The text of the new U.S.-Greek defense and economic cooperation agreement, released in Athens Friday, did not match claims by Greek Prime Minister Andreas Papandreou that it provides for the dismantling of the U.S. bases in Greece after five years.
According to the English text, either party may submit written notice of its desire to terminate the five-year agreement five months before the expiration. In the absence of such notice, the agreement, which covers four major U.S. bases, will be extended.
When the agreement was initialed July 14, Papandreou said it constituted "a time plan for the removal of the bases, which was our goal in the negotiations. After the end of the five-year period the dismantling of the bases starts." Papandreou, a Socialist, was elected in 1981 after running on a platform that pledged to close the U.S. bases.
Confusion remained, however, after it was noted that the Greek wording could be interpreted to mean that notice must be submitted by both parties. The Greek text was arrived at after weeks of linguistic fencing between Athens and Washington. The agreement, concluded seven weeks ago, was formally signed here Thursday.
[In Salonika Sunday, Papandreou predicted that the U.S. military bases will be closed after the agreement expires, The Associated Press reported. "The political will exists to terminate the presence of the bases in Greece after five years," he said.]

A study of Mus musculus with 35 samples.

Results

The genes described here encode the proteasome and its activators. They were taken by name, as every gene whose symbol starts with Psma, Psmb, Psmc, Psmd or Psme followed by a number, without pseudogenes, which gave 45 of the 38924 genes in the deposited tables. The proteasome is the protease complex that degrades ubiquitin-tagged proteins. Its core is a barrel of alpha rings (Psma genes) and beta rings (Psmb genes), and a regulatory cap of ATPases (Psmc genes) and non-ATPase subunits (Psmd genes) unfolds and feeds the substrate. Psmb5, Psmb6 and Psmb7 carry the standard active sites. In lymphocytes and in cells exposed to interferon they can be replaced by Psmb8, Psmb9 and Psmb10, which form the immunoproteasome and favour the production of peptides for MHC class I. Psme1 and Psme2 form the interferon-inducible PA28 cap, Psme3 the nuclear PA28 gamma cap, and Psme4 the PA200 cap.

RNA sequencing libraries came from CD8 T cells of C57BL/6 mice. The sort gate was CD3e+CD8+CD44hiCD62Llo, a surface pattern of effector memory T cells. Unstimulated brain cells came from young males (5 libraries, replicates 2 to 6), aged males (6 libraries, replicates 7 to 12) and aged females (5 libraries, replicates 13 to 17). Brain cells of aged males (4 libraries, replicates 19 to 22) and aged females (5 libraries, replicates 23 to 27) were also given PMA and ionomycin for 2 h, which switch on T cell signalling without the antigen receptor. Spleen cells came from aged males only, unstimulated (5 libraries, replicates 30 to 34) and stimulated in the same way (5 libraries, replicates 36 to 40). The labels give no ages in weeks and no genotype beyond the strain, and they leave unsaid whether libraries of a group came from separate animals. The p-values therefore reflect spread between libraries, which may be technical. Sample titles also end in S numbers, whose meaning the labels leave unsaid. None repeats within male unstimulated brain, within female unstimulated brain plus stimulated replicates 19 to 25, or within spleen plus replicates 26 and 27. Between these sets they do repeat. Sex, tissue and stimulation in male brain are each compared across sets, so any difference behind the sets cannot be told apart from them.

Papandreou now will have to defend the agreement during the ratification debate in the Greek parliament. Opposition is expected only from the Communists, who hold 13 of 300 seats.
One diplomatic point Athens scored that it is likely to emphasize in the debate is the stipulation of U.S. backing for maintaining the balance of military power in the Aegean between Greece and Turkey, its rival and NATO neighbor. Greece says, and Turkey denies, that Turkey represents an expansionist threat.
Although the principle of the maintenance of a military balance in the region has been built into U.S. foreign assistance legislation since 1978, its reiteration in a bilateral defense agreement scores a political point for Papandreou.
Another Greek demand was that Washington commit itself to the 7-to-10 ratio for military aid to Greece and Turkey that the United States has observed since the late 1970s. This demand was rejected.
Having clinched the bases agreement, the Greek government is now expected to go ahead with a long-planned purchase of U.S.-made F16 fighter planes. The Reagan administration has requested $500 million in military aid for Greece this fiscal year, which is expected to go toward paying for the new aircraft.
The purchase of 160 new F16s by Turkey was announced last week, as part of an effort to upgrade its national Air Force and catch up with what defense experts say is Greek air superiority in the Aegean.